April 8th, 2010

Photo: Vladimir Platonow, Agencia Brasil

Photo: Vladimir Platonow, Agencia Brasil

Rescue services say they have almost given up hope of finding any survivors following a landslide in Rio de Janeiro that buried an estimated 200 people on Wednesday night.

“We as firefighters always say that we work thinking that we are going to find people alive,” fire service spokesman Colonel José Paulo Miranda said.

“In this situation, in this type of incident, it’s very difficult. There is not the slightest chance that people get away quickly and there is the problem of being buried. We have very little hope, the difficulty is very great,” he added.

Around 50 makeshift homes are believed to have been washed down a hillside, previously housing a waste dump in the Niterói neighbourhood, which is more known for its affluence. TV pictures showed traumatised residents alongside rescue workers.

Shantytowns known as favelas that have increasingly sprouted on hillsides in Rio de Janeiro and other towns and cities across Brazil since the 1950’s are no stranger to this type of tragedy.

The mixture of heavy rains causing mudslides and flimsy accommodation thrown up without any attempt to sink foundations, in areas often flouting planning laws, has become a recipe for disaster.

“The area is a risk and never should have been inhabited,” said Rio de Janiero state Environment Secretary Marilene Ramos.

Rescuers who have been hauling out bodies have been battling precarious conditions as the ground threatens to give way with periods of sunshine of punctuated by bursts of heavy showers.

Record rainfall began lashing down on Monday causing landslides in the city and greater Rio de Janeiro causing chaos as makeshift housing slid down slopes, underground train stations were flooded and electricity supplies cut off.

More than three thousand people have been left homeless by flooding inside and outside the city, with the confirmed death toll so far reaching 175.

Brazil’s federal government on Thursday released R$200 million ($112 million) to help victims. Authorities in the city are asking for emergency payments of R$370 million ($207 million).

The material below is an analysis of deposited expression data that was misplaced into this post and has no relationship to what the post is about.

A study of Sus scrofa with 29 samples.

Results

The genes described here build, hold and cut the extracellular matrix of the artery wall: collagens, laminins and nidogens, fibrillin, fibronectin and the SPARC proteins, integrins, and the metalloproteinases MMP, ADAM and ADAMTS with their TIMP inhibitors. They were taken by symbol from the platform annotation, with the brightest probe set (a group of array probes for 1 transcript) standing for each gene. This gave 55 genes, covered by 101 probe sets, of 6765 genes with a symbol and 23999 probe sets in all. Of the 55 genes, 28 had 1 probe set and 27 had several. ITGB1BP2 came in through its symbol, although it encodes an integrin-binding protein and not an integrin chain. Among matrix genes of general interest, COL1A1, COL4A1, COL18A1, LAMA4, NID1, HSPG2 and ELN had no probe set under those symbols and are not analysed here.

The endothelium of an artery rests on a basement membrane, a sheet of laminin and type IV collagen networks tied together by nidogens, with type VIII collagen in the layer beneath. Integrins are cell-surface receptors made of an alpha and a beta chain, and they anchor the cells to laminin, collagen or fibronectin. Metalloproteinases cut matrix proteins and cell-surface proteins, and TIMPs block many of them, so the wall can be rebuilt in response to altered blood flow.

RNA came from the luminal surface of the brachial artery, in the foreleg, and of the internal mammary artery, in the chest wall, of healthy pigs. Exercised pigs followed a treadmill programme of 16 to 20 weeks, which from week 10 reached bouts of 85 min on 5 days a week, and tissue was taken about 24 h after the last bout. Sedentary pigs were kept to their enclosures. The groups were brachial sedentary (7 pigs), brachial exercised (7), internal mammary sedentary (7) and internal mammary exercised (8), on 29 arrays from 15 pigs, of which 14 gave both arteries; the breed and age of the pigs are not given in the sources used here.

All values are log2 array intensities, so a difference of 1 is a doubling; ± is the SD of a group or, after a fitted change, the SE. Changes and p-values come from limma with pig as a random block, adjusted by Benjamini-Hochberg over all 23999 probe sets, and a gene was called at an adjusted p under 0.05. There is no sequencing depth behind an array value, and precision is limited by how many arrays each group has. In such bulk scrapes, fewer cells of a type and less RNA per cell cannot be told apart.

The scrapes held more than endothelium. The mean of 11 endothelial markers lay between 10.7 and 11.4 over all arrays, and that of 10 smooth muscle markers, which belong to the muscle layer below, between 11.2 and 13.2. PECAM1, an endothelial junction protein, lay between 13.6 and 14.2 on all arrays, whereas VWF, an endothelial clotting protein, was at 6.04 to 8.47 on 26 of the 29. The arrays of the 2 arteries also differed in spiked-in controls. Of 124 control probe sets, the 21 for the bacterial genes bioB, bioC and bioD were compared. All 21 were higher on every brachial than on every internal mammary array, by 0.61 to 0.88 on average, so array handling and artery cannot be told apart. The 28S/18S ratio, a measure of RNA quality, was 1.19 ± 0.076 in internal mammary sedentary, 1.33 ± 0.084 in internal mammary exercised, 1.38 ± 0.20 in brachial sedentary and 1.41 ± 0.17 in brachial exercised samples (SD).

April 7th, 2010

Photo: Agencia Brasil

Photo: Agencia Brasil

The official death toll from the floods that overwhelmed the city of Rio de Janeiro and its surrounding state this week has reached 131 people.

Record rainfall that began on Monday afternoon led to landslides in the city and greater Rio de Janeiro causing chaos as makeshift housing was washed away from hillsides, underground train stations were flooded and electricity supplies cut off.

Thousands have been left homeless outside and inside the city, where more unusually, affluent areas such as Tijuca were also affected.

In Niterói, one driver whose car was carrying a family of passengers reportedly died in an area noted for its mansion houses when land gave way.

More than a 140 flights to and from Rio’s Santos Dumont airport were cancelled, while many vehicle owners simply abandoned them in the street.

Mopping up operations are underway after flooding left schools, shops and other businesses at a standstill.

Coming during the traditionally slow Easter holiday period when the public heads for the beach, store owners in Rio de Janeiro estimate the cost of lost business at R$ 190 million ($107 million).

Rio de Janeiro state governor Sérgio Cabral and city Mayor Eduardo Paes have presented Brazil’s federal government with a 38-point emergency plan of action to address flood damage. The mayor is asking for around R$370 million ($207 million) for emergency running repairs.

Meantime, authorities say the flooding should not be used as an excuse to increase the price of fruit and vegetables because affected areas are not used for farming.

Though six years away, some say the floods put a question mark over Rio’s capacity to host the 2016 Olympic Games.